While going to vote, I had mixed feelings about these elections. I was, and still am, outraged by the casualties and violence that occurred in the last weeks of November in Tahrir Square and elsewhere. But while many of us know that the parliament that we are electing right now might not bring an end to the oppressive regime, without those martyrs and the masses gathering throughout the year to demand a change, we would have been nowhere near this day.
Just as if studying for a test, the night before the big day I reviewed my choice and candidates one last time; I wrote down their names, numbers and symbols — and felt bliss. I had never before taken part in the course of Egyptian politics on paper.
Having been born and raised in France, I’ve always felt I was never a true Egyptian — especially when jokes are cracked about popular culture and I don’t get the references. But while heading to the polls with my ID card in hand, my finger ready to be inked, I was like everybody else, choosing a member of parliament to represent me as an Egyptian citizen.
My polling station was at a school in a calm neighborhood far from the symbolic and often chaotic downtown area of Tahrir Square. Still, I had decided to ask my fiancé (who voted in the Giza round) to accompany me since previous parliamentary elections had always been marred by violence and NDP thugs notoriously intimidating voters.
I felt a little silly when I arrived and realized there was clearly no need for him to have come with me. Soldiers and police officers were standing near the station, watching the very long queue of women chatting, smiling, sipping coffee or talking into their cell phones. Everyone’s mood was great. People talked about how long the queue was — some women had been standing since 8am and finished around noon — but were overall still happy. All around me were smiles and obvious feelings of pride and excitement.
Granted, there were some who adopted the tried-and-true Egyptian style of pushing and shoving to avoid standing in line, but the women standing around me firmly put them in their place.
What I found really interesting was that nobody in my line was talking politics. This understanding that you are not supposed to influence others with your political choice made the experience much better for me. I didn’t want to argue with anyone.
As I neared the door, a man came up to tell us to look closely at the names and symbols of our candidates, warning us that the numbers had changed. Just inside the entrance another man was sitting on a chair, praising Egyptian citizens and voicing how amazed he was with the patience we were exhibiting, standing in line for hours to take part in the future of our country. Such solidarity and excitement was the cherry on top of my first voting experience.
After two hours in the queue I finally entered the school to cast my vote, overcome with a strange feeling of stage fright. The scene was almost comic, with all the women voters practically running into the school asking where their classroom was. Like schoolgirls late for an exam, they were shouting the numbers of their lagna (polling station) so someone could direct them. Smiling administrative staff welcomed us in the classroom, their hamburgers and cheese sandwiches on the table. I showed my ID, signed and took my ballot.
Many women had no qualms with filling in their ballots at the table in front of everyone, but I didn’t want to. I had the right to vote secretly, and I felt a little joy while making my way to the curtained area to cast my ballot. In the space of five minutes, I had voted and put my finger in the ink — the process was fast and easy.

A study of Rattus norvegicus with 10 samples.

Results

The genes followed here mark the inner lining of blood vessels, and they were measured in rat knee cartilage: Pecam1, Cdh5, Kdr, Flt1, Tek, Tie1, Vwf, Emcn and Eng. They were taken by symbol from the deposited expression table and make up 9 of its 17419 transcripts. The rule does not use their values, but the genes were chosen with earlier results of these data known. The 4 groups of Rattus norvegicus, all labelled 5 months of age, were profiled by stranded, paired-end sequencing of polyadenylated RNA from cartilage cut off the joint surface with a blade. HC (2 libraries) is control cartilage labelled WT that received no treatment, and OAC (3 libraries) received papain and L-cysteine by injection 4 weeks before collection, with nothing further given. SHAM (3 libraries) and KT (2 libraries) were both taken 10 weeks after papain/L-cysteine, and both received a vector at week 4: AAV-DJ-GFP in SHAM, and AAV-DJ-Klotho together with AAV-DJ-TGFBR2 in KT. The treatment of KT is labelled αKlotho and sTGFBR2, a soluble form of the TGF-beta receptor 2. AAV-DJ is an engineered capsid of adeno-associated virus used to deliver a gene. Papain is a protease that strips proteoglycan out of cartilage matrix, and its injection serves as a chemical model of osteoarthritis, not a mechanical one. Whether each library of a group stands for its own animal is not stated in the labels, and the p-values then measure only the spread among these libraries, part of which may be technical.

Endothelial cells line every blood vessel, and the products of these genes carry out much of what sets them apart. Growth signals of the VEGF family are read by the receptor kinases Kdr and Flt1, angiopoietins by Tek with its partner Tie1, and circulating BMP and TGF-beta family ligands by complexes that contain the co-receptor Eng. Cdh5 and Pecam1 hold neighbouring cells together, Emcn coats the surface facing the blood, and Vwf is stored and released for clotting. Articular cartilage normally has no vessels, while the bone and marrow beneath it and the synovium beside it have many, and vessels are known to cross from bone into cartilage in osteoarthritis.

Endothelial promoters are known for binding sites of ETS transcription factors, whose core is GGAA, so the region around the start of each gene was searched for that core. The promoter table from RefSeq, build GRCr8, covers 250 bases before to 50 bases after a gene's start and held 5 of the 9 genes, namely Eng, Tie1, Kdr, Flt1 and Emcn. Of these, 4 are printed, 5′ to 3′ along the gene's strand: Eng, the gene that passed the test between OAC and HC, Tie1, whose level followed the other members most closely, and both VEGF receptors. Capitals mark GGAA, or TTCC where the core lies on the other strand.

Again, as if I had finished an important exam, I came out of the school smiling and shouting to my fiancé, “I’m done, I voted!” I had to call all my friends and ask them about their experience and of course tell them about mine. I heard many stories: some of my friends were offered tea from nearby shops, while others spied a parliamentary hopeful surrounded by a crowd of women all shouting his name and babbling about how he looked different in reality than on TV. One of my friends told me she shouted at a woman who tried to distribute leaflets promoting her party. So many interesting stories that all deserve to be shared on how Egyptians took their first steps toward political changes.
I came out of the voting experience feeling like a true citizen. Later in the evening before the polls closed, I saw two men distributing leaflets and urging people in their cars to vote for certain candidates. When they came to me, I stood up for the rules of the elections, telling them that what they were doing was wrong — campaigning time had passed, and they could be reported for violations. One blatantly lied to me and told me that the Supreme Council of the Armed Forces (SCAF) had issued a decree allowing last-minute campaigning (he obviously didn’t know I was a journalist quite aware of what the SCAF says), while the other smiled and told me, “Leave it to God.”
My bubble of voting happiness burst, and I was outraged to find the manipulation game still being played — and people were still willing to be manipulated.
In these uncertain times, we can adopt one of two attitudes: We can be truly pessimistic, considering the authoritarian rule still in place despite the countless martyrs who have fallen in protest of this rule. Or, we can choose to let events take their course and hope for life to get back to normal, for stability.
After weighing my cheerful and uneventful day at the poll against my experience with the two annoying campaigners, I think it’s best to be realistic about the outcome of these elections and what they can accomplish. Most important, we can’t forget that the revolution is not over and that for the martyrs that died for a better Egypt, we will keep fighting for change.